That’s the question I received in my inbox yesterday. The writer asks,
…Whereas I know that a consistent Baptist (e.g. Mark Dever) would consider a Christian refusing to be baptized subsequent to conversion as sinning and subject to church discipline, is that true of Reformed/Presbyterians for Christian parents who refuse to baptize their children? I have heard from a PCA friend that since Westminster subscription is only required of officers, not all members, that such parents would be urged but not put under discipline. As I understand it, communions subscribing to the 3 forms require strict subscription of members, therefore I would think such parents in continental congregations would come under discipline. Is that true?
I suppose the majority view is that refusing to baptize one’s children is not sin. There is, however, an alternate view of WCF 28.4-5.
4. Not only those that do actually profess faith in and obedience unto Christ, but also the infants of one, or both, believing parents, are to be baptized.
5. Although it be a great sin to contemn or neglect this ordinance, yet grace and salvation are not so inseparably annexed unto it, as that no person can be regenerated, or saved, without it; or, that all that are baptized are undoubtedly regenerated.
Jonathan Moore, in his essay, “The Westminster Confession of Faith and the Sin of Neglecting Baptism,” in Westminster Theological Journal 69 (2007: 63–86 who argues that, in fact, the WCF teaches that refusing to baptize one’s children is a sin.
He notes that “the Quakers and other minor heretical sects in the seventeenth century did not believe in practicing water baptism at all” (64). He continues, however, that the Quaker movement postdates the Assembly. There evidence from the assembly does not support reading the language of the Confession as speaking against even proto-Quaker ideas (65). The evidence also suggests that other alternatives (e.g. private baptisms) are not in view (66–68).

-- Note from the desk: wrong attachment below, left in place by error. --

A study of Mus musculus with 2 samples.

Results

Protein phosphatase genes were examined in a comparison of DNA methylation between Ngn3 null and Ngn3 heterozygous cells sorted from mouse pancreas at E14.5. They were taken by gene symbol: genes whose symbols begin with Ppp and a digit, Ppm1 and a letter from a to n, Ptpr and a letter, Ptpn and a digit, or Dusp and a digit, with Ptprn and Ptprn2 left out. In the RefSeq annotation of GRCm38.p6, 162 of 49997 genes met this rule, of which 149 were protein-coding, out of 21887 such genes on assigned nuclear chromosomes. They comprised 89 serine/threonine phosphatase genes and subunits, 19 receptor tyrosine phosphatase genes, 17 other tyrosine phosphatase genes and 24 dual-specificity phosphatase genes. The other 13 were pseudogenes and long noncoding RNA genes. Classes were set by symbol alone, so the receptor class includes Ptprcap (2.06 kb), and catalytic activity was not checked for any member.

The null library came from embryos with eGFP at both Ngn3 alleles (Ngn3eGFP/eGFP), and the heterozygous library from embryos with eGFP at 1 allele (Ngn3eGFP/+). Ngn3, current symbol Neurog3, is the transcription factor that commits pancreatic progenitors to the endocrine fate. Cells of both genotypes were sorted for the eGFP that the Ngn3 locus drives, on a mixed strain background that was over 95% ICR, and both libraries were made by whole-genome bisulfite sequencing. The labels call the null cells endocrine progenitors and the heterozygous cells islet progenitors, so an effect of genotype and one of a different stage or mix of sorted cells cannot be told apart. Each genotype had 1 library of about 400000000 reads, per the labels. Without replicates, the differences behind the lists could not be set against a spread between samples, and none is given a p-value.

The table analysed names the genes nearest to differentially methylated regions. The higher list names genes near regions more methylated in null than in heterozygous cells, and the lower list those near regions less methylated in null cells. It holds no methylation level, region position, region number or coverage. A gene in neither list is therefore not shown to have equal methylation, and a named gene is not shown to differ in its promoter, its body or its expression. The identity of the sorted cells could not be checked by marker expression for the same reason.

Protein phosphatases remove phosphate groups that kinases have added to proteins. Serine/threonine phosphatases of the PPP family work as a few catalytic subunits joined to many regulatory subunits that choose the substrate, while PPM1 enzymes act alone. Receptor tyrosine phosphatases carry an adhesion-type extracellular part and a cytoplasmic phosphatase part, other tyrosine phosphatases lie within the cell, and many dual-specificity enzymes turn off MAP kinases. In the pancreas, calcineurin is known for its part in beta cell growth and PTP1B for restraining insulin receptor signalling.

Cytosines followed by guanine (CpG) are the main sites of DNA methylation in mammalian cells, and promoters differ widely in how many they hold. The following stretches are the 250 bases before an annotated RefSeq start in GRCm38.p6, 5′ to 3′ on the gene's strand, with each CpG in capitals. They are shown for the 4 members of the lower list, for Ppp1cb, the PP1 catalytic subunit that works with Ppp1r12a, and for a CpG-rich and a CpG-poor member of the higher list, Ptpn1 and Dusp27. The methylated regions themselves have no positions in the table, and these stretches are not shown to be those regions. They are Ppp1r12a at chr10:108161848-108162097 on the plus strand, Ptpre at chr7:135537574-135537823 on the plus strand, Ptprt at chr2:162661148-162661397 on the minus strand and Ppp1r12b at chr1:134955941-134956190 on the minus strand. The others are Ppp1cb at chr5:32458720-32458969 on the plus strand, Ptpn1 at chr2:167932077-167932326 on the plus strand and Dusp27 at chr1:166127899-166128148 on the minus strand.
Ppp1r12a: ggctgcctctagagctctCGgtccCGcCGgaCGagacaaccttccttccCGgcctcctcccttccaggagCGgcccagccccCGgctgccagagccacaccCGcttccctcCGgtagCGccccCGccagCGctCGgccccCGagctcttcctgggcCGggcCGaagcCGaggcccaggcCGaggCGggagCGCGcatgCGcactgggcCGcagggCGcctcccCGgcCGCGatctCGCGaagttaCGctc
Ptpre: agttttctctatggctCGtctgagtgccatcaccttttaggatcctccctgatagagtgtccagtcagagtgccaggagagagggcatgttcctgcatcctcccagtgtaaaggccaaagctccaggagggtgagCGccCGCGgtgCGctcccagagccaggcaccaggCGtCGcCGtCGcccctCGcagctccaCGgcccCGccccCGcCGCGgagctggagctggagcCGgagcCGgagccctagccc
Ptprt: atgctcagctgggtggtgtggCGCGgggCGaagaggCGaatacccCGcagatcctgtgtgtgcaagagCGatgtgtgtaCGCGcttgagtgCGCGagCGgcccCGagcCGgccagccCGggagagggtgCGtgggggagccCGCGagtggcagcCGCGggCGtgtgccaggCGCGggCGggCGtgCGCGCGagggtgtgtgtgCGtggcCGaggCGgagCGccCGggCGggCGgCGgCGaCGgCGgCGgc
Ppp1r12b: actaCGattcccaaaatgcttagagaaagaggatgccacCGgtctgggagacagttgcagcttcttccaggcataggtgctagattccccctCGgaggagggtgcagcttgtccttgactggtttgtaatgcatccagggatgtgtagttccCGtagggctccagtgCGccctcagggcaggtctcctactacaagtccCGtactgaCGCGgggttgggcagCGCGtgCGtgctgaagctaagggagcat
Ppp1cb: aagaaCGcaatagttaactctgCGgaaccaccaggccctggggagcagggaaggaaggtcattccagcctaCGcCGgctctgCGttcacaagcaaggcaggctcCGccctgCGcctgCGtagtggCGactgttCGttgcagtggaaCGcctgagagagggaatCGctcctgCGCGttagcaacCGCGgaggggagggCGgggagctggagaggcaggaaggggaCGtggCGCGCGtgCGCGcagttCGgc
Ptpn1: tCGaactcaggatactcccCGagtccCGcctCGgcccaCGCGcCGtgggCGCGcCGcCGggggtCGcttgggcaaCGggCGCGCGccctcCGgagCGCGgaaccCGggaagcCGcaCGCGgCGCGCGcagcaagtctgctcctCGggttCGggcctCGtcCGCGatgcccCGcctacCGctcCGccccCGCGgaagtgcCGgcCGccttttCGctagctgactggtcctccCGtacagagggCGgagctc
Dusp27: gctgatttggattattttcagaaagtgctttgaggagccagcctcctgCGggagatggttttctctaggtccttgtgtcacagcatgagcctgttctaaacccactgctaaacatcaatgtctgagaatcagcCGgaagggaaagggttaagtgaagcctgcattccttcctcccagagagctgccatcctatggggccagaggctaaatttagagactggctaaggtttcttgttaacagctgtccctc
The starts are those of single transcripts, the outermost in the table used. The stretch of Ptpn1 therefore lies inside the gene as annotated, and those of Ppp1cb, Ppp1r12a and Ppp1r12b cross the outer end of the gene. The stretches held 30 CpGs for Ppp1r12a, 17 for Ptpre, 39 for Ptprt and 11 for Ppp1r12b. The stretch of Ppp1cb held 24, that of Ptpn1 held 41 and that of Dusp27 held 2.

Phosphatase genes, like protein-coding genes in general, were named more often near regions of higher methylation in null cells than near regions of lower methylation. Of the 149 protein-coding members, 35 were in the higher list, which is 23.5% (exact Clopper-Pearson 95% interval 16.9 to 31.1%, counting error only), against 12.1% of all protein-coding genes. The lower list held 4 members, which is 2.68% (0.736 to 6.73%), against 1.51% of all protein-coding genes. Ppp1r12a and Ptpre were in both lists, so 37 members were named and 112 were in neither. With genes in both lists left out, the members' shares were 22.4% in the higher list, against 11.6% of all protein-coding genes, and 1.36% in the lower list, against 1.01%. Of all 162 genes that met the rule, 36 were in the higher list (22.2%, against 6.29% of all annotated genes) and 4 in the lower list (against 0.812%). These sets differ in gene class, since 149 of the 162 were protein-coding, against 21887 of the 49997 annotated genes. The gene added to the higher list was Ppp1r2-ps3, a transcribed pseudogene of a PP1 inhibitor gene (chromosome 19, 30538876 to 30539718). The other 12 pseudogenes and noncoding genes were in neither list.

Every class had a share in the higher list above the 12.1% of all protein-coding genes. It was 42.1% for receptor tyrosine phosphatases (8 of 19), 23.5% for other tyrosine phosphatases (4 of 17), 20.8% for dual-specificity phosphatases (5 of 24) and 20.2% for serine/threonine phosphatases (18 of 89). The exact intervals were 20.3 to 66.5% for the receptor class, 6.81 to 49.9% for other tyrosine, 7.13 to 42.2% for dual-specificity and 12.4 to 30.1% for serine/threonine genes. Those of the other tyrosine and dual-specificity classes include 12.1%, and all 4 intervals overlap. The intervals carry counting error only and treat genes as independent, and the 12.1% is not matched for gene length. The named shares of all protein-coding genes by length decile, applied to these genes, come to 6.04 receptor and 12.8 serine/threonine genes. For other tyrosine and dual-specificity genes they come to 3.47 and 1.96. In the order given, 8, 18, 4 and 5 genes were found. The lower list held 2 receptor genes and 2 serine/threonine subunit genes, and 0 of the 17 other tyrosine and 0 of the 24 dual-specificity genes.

Moore appeals to five lines of evidence to support the thesis that the divines had the burgeoning Baptist movement in view. The first of these is the Assembly’s choice of biblical proofs for their language (68–69). The Second of these is the Directory of Public Worship where it addresses paedo (infant) baptism directly. Though paedobaptism is not essential to salvation such that salvation cannot be had without it (we do not have an ex opere view of baptism) nevertheless, the DPW remonstrates with Christian parents that they ought not “neglect or contemn [condemn] the ordinance of Christ.” (70) This is the same language used in the WCF. The third line of evidence comes from comments in the minutes, from letters, and statements in Parliament (70–72). The minutes contain 50 references to “Anabaptists” or “Anabaptism” (71). The language was anachronistic, but the group they had in view was that described as “Baptists” today. Fourth, publications by members of the Assembly support this reading (73–74). Remember that the First London Baptist Confession was published in 1644. Moore notes that the Baptist John Toombes responded to the critiques of the Anabaptists. Why? Because he understood that the critique of antipaedobaptism was leveled not at some “other group” not related to the English Baptist movement, but against the English Baptists. Fifth, a contemporary usage of the phrase, “to neglect or contemn the sacraments” supports this reading (75–77). He notes, persuasively to my mind, that the use of the Exodus 4:24–26 as a proof text for this clause in 28.5 makes clear the connection between baptism generally and infant baptism in particular. The sin here is doing what Moses did: failing to initiate a child into the covenant community by applying the sign and seal of initiation.
In the rest of the essay, Moore addresses some possible objections. Some might appeal to the Savoy Declaration (1658) but it was strongly paedobaptist. The language is identical to the WCF. He addresses and dispatches the case of Lucy Hutchinson (who persuaded her husband, a Westminster divine, to reject paedobaptism. Third, though it is assumed that antipaedobaptists were admitted to the table (which, if true, would argue against Moore’s view) but the facts are cloudier. “There is at least some evidence to suggest that the widespread belief that antipaedobaptism was a great sin was reflected in the parliamentary ordinacnes on admission to the Lord’s Supper” (82).
As to the idea that, the WCF only applies to officers and not to members, it is true that that American Presbyterianism has not required confessional subscription of members, but if refusing to baptism children is sin, then it is not a merely theoretical doctrine but a matter of Christian morality. Laity are not allowed to sin, even if (a big condition) they are not expected to hold every doctrine taught in the confession. The churches in the Dutch Reformed tradition carry on the older Reformed and Presbyterian practice of every-member subscription. There’s a chapter on all this in Recovering the Reformed Confession.
Certainly there is enough evidence from the 17th century to make it difficult to assume easily, as some American Presbyterians seem to do, that neglecting the baptism of the children of believers is not a sin.
UPDATE 23 Mar 09
Mark has published a similar case from a Baptist point of view.